Author: James Woodroffe Posted: 19 May 2015
Guy Martin is looking fit. His t-shirt, emblazoned with “INGSOC” (the fictional political party in George Orwell’s 1984) seems tighter around the biceps. The grimy Dainese jeans that never left his legs during a two-week tour of India last year are hanging a little looser than normal. And the trademark sideburns have gone – “a change is as good as a rest” apparently – although one suspects after a recent flirtation with a full beard he’s now experimenting with the other extreme in a bid to find the optimal setting.
We’re in his kitchen. Inevitably, the kettle boils. “I’ve just done a deal on a tractor,” he gabbles excitedly, eyes bulging wildly at the prospect of his already colourful collection of machinery becoming even more eclectic. Milk is poured. “Imagine it – 28mph on a Sunday drive, dog in the cab, Radio 4 on.” A teabag is squeezed. “Beat that.”
The other new vehicle in his life undoubtedly can. This year his TAS Racing team have swapped to BMW bikes after a long association with Suzuki. Although Guy is quick to praise the rideability of his old GSX-R, the team were unsure how much room was left for development on the six year old design. The new S1000RR has a clear advantage.
“Speed. It’s fucking fast. Take the superstocker – last year my Suzuki produced 187bhp. But the BMW stocker produces 204bhp. The superbike is doing 220bhp!”
But of course you can have too much of a good thing. “The bikes are vicious. You can’t ride ‘em without the electronics – the first touch of throttle and they want to slide or wheelie. But it’s not just a case of riding round with the electronics on either. We need to tailor them to suit me. At the moment if I feel the bike let go I’ll come off the throttle a bit, but then a fraction of a second later the bike’s brain tells it to come off the throttle too, so you get a double-compensation which slows the job down. The traction control is catching it too late.”
He has no doubt the rider aids and fly-by-wire throttle can all be dialled in to perfection before the Isle of Man TT – “my boss Philip Neil’s brother in law is on the case, he works for BT normally” – ready to complement the other strengths Guy has identified on his new bikes.
“The telemetry you get, even on the stocker, is the clearest I’ve ever read. The superbike will know where it is on the TT course by GPS, so you can tweak the settings for different sections of the course if you want. The front-end feel is brilliant. And the clutch and auto-blip on the gearshift is also brilliant – I only use the clutch for the start then never look at it again.”
He starts another tea-making ceremony and the conversation momentarily pinballs around. He points out a compression ratio that has taken his eye in this month’s Race Car Engineering; discusses things he’s recently learnt about the Russian mentality and mourns the resignation of Sandi Toksvig from Radio 4’s The News Quiz. The facts are relentless. It’s like being attacked by a good-natured Gatling gun. Chewing a biscuit momentarily forces him to stop speaking, but communication still continues with a range of expressive hums and honks. Without breaking stride, chat returns to the TT.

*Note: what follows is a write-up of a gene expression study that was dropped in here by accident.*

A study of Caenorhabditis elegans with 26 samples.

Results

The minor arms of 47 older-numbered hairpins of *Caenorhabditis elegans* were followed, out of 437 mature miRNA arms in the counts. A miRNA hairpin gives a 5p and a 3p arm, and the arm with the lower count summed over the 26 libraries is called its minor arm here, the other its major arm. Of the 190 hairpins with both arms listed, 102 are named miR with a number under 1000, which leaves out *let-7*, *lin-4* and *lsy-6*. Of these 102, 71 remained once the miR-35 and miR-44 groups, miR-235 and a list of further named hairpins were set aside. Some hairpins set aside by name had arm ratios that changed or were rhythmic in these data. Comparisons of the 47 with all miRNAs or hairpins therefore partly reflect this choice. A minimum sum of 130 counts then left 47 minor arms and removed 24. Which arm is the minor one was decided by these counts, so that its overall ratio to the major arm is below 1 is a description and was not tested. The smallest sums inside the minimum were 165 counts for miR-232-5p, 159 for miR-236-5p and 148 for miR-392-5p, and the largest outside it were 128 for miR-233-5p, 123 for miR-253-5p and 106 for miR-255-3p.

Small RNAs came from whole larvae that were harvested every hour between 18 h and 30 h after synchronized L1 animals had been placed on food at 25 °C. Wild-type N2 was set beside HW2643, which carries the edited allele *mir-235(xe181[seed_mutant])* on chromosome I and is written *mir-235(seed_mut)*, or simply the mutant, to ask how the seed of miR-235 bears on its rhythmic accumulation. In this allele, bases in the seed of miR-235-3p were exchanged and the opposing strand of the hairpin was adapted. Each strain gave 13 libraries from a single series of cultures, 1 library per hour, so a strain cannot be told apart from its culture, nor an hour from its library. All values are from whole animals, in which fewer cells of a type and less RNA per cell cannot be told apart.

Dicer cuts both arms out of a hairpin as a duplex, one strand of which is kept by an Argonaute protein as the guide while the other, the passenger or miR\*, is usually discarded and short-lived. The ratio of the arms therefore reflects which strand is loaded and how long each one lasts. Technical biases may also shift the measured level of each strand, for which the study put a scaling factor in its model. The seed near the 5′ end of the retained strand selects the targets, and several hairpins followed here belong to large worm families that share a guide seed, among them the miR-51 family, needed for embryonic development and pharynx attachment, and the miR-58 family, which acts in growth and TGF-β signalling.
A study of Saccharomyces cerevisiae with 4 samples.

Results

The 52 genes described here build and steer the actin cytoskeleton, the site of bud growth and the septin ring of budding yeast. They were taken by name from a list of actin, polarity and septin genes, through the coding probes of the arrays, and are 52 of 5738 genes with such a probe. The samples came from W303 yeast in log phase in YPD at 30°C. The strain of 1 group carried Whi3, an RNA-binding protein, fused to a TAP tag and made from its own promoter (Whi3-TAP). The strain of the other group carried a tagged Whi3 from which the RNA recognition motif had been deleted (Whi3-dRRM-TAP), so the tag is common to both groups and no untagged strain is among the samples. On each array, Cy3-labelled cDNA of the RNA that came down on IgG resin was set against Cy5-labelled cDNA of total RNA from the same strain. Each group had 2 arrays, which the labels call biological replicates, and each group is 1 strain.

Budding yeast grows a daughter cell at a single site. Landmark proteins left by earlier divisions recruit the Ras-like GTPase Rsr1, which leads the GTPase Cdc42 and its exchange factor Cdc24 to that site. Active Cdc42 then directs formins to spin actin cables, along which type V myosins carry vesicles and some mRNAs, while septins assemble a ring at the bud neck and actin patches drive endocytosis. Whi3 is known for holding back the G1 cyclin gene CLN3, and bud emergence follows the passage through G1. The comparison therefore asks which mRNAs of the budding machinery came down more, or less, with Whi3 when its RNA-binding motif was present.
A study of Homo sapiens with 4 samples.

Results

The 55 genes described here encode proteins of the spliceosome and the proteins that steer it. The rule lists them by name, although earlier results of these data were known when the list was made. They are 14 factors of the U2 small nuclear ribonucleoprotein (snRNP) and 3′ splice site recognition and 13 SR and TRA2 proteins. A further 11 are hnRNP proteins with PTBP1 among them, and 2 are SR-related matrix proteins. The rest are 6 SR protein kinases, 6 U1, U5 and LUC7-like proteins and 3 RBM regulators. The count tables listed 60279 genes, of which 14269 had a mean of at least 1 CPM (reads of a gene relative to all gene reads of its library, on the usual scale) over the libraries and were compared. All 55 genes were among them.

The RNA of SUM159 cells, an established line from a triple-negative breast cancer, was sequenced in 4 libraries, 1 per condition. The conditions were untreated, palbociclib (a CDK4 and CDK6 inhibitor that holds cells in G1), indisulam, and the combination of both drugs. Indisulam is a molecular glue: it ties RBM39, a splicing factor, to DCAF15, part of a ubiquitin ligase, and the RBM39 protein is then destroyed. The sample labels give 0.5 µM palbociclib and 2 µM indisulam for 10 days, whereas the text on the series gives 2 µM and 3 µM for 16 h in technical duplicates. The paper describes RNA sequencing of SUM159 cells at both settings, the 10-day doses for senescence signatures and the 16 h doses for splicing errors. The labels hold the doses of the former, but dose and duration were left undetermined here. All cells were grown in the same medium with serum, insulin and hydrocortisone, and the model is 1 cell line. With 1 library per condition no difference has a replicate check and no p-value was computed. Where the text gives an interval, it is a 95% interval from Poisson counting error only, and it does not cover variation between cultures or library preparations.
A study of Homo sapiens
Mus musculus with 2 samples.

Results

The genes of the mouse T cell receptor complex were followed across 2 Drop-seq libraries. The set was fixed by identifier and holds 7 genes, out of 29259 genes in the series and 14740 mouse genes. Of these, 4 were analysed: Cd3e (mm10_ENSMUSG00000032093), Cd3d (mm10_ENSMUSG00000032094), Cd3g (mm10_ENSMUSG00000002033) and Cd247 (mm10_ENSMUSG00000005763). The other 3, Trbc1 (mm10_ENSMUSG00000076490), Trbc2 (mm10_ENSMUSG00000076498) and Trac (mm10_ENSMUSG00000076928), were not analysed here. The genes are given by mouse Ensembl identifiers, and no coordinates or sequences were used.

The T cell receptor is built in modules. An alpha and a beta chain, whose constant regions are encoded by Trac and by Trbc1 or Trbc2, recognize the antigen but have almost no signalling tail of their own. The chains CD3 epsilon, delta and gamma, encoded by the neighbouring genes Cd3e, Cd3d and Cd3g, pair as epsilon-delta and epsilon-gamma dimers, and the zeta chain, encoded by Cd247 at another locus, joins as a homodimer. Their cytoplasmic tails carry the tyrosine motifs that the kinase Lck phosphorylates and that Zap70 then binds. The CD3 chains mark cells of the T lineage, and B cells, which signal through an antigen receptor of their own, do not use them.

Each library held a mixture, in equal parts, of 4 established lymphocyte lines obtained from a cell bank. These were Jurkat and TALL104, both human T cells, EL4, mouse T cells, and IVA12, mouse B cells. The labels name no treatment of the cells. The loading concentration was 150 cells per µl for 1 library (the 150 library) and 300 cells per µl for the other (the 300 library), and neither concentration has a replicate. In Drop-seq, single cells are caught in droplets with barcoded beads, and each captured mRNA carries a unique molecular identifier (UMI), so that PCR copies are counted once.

BMW don’t make a supersport bike so Guy’s made arrangements elsewhere, organising a 675cc Triumph Daytona run by the Smiths Racing Team. “Watching Gary Johnson’s win on the bike last year it was clearly the only thing to be on, so I rang the team up and asked how much to buy one for this year. I was happy to run it myself. Anyway, a bit later they texted me back and said did I fancy riding for them? I thought ‘they’re nice people and they’ll have all the data which’ll be easier than starting from scratch’ so I said yes. Simple as that.”
Except these days, life at the Isle of Man TT is never that simple for Guy due to the clamour of attention from an ever-growing set of fans. He’s the sport’s only breakout star, with an autobiography that’s welded to the best-sellers chart and a range of Channel 4 television shows that regularly pull in two million viewers. Guymania has reached critical mass.
“What with it being new bikes this year there’s work to do in the shed with the lads, but these days I can’t get 5 minutes to myself if I go anywhere near the pits. I genuinely appreciate all the support, genuinely, genuinely. Genuinely. But it’s hard. I’m honestly a bit shy and get a bit overwhelmed by the queues or crowds banging on the van as I’m driving past. I’d never want to put anyone out, but just hope people understand it’s my most important two weeks of work a year.”
Which brings us to the most important question. Since January the man with 15 TT podiums but no wins has been making a series of cryptic statements about whether he might be ready to retire from road racing. Will 2015, his 12th year at the TT, really be his last ever?
“No.” A biscuit is dunked, as if to underline the point.
So what was all that about then?
“I just had my eye on a few other challenges outside of the bike world which I really want to do, but they’ll take big commitment to achieve and will only get harder as I get older. I didn’t want to be at the Isle of Man in 10 years’ time wishing I’d have done ‘em instead of sticking to road racing. But then I got to Cookstown at the start of this season, waited an hour for the farmer to march his cows across the roads to get to milking, then got going on the first lap of practice, flat out brushing a hedge, bike sliding on the cow shit all over the shop, and thought ‘where else do you get to live like this!?’ I absolutely love it.”
And with that he’s off. An afternoon of dirt-tracking awaits, Labrador pup Nigel the Dog obediently in tow. Guy Martin is looking forward to the Isle of Man TT, is in great shape, and is turning up with the fastest bike he's ever raced there.